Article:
Parliamentary panel for heavy tax on bottled water units

Taking a grim view of packaged drinking water industry flouting norms, a Parliamentary standing committee panel has asked the government to bring in robust regulations and to tax large companies, besi

Published: 13th August 2018 05:14 AM  |   Last Updated: 13th August 2018 05:14 AM   |  A+A-


NEW DELHI: Taking a grim view of packaged drinking water industry flouting norms, a Parliamentary standing committee panel has asked the government to bring in robust regulations and to tax large companies, besides barring exploitation of groundwater.

The Parliamentary Standing Committee on Water Resources highlighted the large number of samples failing basic quality tests to seek better mechanism for ensuring strict checks. It drew the government’s notice to the issue of multiple agencies involved in the regulation of these units.

“The Committee is perplexed to note that despite the laid down stipulations, a large number of licenses have been given in States where significant number of over-exploited (groundwater) units are lying, such as Andhra Pradesh (41 units), Gujarat (24 units), Karnataka (63 units), Tamil Nadu (374 units) and Uttar Pradesh (111 units),” it stated, recommending that these units be mandatorily asked to source raw material only from surface water or areas which receive regular and heavy rainfall.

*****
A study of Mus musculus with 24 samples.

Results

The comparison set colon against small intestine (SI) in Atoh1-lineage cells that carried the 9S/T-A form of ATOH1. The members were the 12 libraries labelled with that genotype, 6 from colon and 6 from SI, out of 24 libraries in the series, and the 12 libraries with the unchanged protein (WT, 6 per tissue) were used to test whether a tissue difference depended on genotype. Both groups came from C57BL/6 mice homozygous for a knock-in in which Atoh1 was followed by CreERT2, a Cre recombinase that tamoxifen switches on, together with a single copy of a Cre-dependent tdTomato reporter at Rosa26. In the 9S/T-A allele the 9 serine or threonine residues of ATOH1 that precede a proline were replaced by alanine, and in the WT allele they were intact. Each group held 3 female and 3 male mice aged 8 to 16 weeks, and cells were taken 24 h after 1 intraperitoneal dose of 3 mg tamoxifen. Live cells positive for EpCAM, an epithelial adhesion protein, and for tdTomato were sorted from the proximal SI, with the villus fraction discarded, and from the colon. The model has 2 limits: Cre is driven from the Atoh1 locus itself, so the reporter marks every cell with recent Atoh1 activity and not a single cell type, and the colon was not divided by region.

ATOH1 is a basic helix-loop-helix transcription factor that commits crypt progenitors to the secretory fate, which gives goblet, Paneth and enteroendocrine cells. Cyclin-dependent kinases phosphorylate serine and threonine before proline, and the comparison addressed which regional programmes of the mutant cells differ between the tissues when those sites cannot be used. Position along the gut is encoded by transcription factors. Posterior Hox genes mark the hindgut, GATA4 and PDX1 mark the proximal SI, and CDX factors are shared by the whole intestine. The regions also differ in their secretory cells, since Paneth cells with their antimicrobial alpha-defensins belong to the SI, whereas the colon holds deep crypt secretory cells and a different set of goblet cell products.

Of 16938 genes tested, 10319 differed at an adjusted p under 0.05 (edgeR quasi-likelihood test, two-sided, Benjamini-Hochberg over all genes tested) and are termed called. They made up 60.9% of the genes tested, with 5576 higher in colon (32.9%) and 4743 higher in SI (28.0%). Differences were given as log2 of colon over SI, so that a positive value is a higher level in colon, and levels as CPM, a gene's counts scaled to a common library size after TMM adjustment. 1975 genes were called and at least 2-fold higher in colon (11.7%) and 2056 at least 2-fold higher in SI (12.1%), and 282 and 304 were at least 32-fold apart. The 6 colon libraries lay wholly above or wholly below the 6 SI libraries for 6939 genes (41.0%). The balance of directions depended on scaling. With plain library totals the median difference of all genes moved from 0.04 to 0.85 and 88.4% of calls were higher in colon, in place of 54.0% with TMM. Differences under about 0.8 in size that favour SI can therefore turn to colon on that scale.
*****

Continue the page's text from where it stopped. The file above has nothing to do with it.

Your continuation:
As per government data, the packaged drinking water plants are extracting 13.3 Million Cubic Metres of groundwater annually. The panel, while quoting the submission of the FSSAI, said the reverse osmosis process of these plants could lead to hardness of groundwater and other pollution.

Recommending taxation on these units, the panel argued it would discourage wastage. “The imposition of tax at higher rates can be an effective deterrent against indiscriminate use of groundwater. The government can use the revenue for taking alternative measures to increase accessibility of safe drinking water to the poorer sections of the society.” It urged the government to explore the PPP mode to provide potable water in rural areas affected by arsenic, fluoride contamination.